Getting to the HEAD of your Life’s Story
Okay . . . here’s where we get down and dirty. By “dirty” I mean that, instead of just thinking or reading about it, we’re going to challenge some of your cuckoo beliefs by taking action on them. And we’re going to do that with some oft-used, well-researched cognitive behaviorial processes. As well as some that I use that are considered a little bit lunatic fringe, such as guided imagery, Emotional Freedom Technique, and even Color Breathing. So we may be spending a few more weeks with each other.
That’s why I called this part the “head”. Because the process we’re going to talk about is actually “head” or mind-centered. “Cognitive” is about how your brain works. And some people actually solve problems better when they can puzzle things out mentally. Me, I’m a more “heart-centered” person. I respond better to the processes that I’ll cover in the next couple of blogs. Take what you respond to and leave the rest. But for now let’s use our heads.
So remember in the last article I identified some irrational beliefs about my big ol’ honkin’ life’s story . . .
I PUNISH MYSELF WHEN I’M NOT LIVING MY PURPOSE AND PASSION
And I chose the punishing beliefs “I’m always going to be fat” and “I’ll never exercise on a regular basis” to start working on. Don’t know what your irrational beliefs are? Let’s back up a sec and discover them.
Do you hear chatter in your head? Or share thoughts with friends in the break room? Those are your irrational beliefs. I can’t tell how many I’ve heard in the locker room at the gym. Or in the ladies’. Here are some “down-and-dirty” guidelines for identifying, describing, or explaining beliefs, also called framing, from Karen Koenig.
Use the three “S’s” – keep them short, simple and straightforward. Don’t try to cram a number of ideas into one belief.
Use present tense, active verbs such as like, dislike, desire, wish, is, and are.
If possible, state them in the positive, not the negative, which mean eliminating words such as isn’t, aren’t, won’t, can’t, and shouldn’t.
The two that I chose above seem to fulfill these guidelines. But if you don’t know yours . . . and you can actually start discovering your life’s story if you don’t know it yet. . . by first jotting down what you think are your negative beliefs. That’s why I previously suggested writing down a bunch of things you feel are true about yourself. And then circling the ones you feel most true. It’s like a little bell . It’s like a little bell ringing in your head. Or a fog horn going “WAAA!”.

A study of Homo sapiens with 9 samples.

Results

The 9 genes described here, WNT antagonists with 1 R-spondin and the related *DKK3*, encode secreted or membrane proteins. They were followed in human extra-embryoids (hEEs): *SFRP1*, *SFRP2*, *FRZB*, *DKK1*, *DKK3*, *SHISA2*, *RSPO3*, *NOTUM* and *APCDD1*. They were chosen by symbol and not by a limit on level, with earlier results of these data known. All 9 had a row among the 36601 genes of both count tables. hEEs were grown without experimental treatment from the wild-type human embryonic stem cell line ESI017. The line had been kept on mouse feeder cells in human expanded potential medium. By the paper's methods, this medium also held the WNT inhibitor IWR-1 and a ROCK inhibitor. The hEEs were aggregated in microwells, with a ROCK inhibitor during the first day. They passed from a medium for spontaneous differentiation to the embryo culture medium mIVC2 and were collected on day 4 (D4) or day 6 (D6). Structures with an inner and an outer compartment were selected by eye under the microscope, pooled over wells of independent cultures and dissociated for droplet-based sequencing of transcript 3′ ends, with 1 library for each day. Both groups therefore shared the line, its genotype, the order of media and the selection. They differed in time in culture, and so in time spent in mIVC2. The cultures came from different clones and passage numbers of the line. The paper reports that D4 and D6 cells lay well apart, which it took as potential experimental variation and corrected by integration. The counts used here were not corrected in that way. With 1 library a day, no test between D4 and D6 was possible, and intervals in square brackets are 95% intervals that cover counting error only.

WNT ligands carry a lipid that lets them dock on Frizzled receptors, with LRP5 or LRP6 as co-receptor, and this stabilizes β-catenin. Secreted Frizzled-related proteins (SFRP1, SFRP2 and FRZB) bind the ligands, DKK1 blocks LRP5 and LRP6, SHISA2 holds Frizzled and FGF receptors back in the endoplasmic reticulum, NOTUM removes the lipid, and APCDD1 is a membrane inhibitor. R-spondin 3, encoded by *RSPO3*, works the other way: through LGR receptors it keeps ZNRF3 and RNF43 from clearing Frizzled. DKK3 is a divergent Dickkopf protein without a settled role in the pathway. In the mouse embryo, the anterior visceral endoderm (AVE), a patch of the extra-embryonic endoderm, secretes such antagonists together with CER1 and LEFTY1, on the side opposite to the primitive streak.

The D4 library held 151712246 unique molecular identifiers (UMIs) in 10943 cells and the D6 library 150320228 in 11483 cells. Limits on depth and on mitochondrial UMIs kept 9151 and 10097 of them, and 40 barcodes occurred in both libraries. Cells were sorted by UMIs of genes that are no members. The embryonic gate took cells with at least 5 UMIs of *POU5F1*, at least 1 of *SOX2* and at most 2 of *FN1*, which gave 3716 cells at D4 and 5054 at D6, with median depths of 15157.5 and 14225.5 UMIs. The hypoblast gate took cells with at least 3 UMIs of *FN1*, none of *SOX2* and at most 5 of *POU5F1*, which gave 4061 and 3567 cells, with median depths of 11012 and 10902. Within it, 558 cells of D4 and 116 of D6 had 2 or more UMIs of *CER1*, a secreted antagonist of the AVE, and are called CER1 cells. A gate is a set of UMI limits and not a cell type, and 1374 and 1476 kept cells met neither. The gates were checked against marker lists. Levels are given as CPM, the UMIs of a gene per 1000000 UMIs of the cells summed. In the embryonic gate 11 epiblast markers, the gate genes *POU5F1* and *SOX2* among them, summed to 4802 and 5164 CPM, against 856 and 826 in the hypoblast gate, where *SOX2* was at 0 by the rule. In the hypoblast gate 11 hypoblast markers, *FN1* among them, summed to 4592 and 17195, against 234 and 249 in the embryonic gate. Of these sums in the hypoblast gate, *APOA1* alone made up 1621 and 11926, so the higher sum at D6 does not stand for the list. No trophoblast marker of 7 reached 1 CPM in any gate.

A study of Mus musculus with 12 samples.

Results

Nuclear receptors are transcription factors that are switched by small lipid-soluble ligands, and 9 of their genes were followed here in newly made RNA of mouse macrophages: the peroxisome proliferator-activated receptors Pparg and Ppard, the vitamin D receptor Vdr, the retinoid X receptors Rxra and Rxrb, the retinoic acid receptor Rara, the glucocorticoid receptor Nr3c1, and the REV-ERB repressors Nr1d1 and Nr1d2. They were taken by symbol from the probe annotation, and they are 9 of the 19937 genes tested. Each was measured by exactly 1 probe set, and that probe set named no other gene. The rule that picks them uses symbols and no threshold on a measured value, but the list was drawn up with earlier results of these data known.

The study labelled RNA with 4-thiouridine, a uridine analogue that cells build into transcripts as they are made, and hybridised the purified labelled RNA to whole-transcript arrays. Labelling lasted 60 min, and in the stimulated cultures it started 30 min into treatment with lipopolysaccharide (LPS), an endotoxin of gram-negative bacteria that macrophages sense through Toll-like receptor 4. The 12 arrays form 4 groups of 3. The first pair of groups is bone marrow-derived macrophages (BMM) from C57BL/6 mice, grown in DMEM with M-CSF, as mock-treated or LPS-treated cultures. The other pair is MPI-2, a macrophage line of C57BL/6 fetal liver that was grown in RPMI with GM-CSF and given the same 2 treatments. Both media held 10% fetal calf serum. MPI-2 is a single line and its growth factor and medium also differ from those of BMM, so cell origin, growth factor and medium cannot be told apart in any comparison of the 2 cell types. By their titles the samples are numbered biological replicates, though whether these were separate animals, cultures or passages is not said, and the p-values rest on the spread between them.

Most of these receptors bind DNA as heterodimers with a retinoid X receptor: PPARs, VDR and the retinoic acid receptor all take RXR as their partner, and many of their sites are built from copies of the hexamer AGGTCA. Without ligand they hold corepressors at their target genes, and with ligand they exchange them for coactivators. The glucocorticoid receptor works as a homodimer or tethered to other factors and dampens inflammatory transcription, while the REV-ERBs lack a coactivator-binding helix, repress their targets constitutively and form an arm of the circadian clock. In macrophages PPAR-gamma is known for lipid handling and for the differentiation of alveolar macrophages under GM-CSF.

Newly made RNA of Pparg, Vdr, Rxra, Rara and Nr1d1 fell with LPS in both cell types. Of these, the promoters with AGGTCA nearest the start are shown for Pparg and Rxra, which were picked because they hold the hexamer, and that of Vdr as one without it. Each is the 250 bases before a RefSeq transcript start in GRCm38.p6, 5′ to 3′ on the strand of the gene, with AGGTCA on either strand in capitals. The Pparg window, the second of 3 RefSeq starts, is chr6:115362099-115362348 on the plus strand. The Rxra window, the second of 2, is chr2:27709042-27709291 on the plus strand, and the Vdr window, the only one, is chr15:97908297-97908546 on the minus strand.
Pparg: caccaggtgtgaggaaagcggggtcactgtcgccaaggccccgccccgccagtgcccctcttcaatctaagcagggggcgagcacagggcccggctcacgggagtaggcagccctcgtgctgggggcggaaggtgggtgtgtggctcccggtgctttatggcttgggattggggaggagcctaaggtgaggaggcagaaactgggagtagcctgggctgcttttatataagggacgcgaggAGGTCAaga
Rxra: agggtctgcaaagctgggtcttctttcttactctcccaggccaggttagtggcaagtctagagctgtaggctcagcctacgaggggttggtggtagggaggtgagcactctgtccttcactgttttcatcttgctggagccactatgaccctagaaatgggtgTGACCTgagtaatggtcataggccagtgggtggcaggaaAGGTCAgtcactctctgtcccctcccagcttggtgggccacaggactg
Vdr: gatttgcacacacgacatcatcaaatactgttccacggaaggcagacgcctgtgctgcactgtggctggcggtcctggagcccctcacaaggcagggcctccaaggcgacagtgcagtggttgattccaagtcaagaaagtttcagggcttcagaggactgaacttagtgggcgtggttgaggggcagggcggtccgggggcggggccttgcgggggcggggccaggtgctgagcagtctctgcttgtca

So what do you do now that you have framed a few beliefs that “ring” true? You then reframe them. I do this process all the time with my eating disordered and overeating clients. But right now I want to do it with my own beliefs. Here’s what you do:
First, state or write the irrational belief:
I’M ALWAYS GOING TO BE FAT
As I did that, a bunch of images popped up in my head. Wearing those blue romper uniforms at gym where my legs looked like sausages. And always being picked last. Feeling totally awful wearing a frumpy, old lady’s size 16 dress at age 16 as Maid of Honor at my sister’s wedding. Be sure to write down these images in your journal for the guided imagery we’re going to talk about next.
Now REFRAME this belief by writing alternate, positive rational statements about it. Don’t forget to use the framing guidelines above for reframing too. For example:
I’VE BEEN THIN, FIT AND GORGEOUS IN MY LIFE.
I REFUSE TO SEE MYSELF AS LARGER THAN I AM.
I REFUSE TO JUDGE MY ENTIRE WORTH BY MY SIZE.
I’M BEAUTIFUL JUST AS I AM.
In other words, rational beliefs are life-affirming and support healthy goals with healthy feelings and behaviors. In contrast, irrational beliefs are life-threatening and may cause emotional, mental, spiritual and even physical harm.
When I wrote the above, images also came up for me. Like the time I worked as an actor and administrator of a children’s theatre company and was followed around by the young, handsome Rockefeller son, who was sponsoring a conference I attended. Everyone thought we were together. At 32, I was at the height of my personal power and beauty. And have a picture to prove it. I was running two miles a day, working out with the company three days a week, and actively participating in my most fulfilling theatre experience.
The chatterings of all my eating disordered clients with all their irrational beliefs also came to mind. Store up these images. We’ll use them when we talk about guided imagery next week.
Meanwhile, after you’ve done this process, get ready for feelings that may arise around both your old and reframed beliefs. They may be scary as you’ve been tamping them down and dressing them up all your life with those irrational beliefs. Once they’re reframed, all heck may break loose. The good news is that healthy beliefs eventually lead to healthy actions.
Next week, we’ll talk about heart-centered approaches. When we’re finished, you’ll come away with something that will work for you to change beliefs that don’t work anymore.
Leave Your Comments About Poking Through Clouds to See the Light Part Three Below
What irrational beliefs do you harbor about you life’s story? How have you changed beliefs, feelings, and behaviors in the past? How will you change them in the future now that you know how to reframe them?